At first, you might be turned off by this, thinking the developers got lazy and didn’t finish the app. But the flip side of that Othello piece, is that this gives you a chance to play the board games with your child and teach them. Having the children learn the wrong moves is half the battle and if the program provided all the answers, your child wouldn’t be challenged to learn.
The first game we tried out was Othello/Reversi. The pieces are realistic looking, you can move them anywhere you like, and it is up to you to find all the appropriate pieces to turn over. It is simply an excellent recreation of the real life game. Complete with the lack of scoreboard (which is probably the one item I wouldn’t have minded – but allows one to get some practice with estimates).
Checkers, Chess and Go are all similarly well crafted and open ended.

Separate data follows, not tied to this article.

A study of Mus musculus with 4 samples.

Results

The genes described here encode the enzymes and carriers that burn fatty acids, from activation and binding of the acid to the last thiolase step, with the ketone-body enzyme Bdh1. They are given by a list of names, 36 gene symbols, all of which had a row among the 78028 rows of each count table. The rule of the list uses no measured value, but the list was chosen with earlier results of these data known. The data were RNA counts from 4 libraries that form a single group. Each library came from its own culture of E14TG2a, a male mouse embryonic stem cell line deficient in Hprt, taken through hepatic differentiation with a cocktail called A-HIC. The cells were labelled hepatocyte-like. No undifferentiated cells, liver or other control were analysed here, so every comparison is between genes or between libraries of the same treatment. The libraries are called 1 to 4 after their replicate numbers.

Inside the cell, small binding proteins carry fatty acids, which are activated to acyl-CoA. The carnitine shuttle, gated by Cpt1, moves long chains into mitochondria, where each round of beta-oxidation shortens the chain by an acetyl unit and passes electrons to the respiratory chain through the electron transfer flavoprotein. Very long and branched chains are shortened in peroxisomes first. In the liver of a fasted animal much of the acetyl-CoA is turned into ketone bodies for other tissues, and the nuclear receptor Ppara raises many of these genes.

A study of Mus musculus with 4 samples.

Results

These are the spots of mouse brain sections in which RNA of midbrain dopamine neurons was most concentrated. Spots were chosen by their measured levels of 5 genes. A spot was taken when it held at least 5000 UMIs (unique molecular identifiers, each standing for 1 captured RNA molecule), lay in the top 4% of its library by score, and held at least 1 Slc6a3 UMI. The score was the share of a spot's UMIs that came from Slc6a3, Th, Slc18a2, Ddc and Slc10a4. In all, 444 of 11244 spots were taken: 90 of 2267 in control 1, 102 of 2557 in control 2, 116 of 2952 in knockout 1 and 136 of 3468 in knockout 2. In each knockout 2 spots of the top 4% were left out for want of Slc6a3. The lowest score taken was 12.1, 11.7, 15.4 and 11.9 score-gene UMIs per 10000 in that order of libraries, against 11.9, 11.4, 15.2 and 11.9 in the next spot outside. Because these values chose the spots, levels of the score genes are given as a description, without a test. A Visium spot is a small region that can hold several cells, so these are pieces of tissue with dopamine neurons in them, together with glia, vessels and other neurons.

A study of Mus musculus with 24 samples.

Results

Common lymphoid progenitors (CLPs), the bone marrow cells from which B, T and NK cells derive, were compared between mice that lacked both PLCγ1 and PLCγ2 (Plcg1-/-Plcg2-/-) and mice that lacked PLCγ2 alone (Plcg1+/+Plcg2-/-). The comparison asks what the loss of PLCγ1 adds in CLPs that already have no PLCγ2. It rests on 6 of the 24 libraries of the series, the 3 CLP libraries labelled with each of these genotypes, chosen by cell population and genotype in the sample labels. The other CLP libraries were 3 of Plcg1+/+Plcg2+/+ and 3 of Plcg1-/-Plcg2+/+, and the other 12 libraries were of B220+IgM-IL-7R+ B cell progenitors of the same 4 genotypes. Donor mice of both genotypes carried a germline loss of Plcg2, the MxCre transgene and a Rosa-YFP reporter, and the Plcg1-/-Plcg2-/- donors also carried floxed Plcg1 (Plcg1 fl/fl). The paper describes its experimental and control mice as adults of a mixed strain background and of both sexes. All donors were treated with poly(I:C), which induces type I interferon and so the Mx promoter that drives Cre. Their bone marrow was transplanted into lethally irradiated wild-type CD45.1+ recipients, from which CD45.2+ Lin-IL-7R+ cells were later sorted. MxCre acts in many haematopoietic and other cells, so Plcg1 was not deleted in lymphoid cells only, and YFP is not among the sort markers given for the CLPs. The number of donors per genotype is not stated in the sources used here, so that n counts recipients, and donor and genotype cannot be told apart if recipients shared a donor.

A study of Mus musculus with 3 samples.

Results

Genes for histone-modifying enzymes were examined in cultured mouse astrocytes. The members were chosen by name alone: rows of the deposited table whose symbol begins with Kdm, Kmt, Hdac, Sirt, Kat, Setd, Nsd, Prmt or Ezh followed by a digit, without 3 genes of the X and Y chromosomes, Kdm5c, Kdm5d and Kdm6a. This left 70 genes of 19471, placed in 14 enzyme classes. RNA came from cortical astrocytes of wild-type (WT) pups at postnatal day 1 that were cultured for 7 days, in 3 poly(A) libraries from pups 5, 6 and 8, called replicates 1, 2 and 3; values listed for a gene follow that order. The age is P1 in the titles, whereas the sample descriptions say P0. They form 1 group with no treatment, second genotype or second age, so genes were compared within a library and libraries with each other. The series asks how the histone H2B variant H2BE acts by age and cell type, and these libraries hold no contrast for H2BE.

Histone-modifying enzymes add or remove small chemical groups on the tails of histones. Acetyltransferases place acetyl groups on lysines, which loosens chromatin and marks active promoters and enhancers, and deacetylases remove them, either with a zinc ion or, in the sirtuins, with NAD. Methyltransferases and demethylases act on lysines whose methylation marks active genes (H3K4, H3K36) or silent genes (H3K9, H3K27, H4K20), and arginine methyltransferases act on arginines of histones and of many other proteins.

The poker setup is a little confusing and less suited for this format, but if you ever need a simulated deck, there is a free one here. It is just hard to “peek” at your cards on a shared screen and not let your opponent see the cards. You can put your hand over them to shield them, like they do at the real tables, but that doesn’t seem quite right here. Though again, if the focus is on learning, then all the cards would be shared anyway and this format is fine. It just didn’t strike us as natural as the rest of the games. Perhaps because it’s less physical?
Regardless, this app is a great “board game” to bring around, without the worry of losing any of the pieces (our Othello set is missing 2 pieces).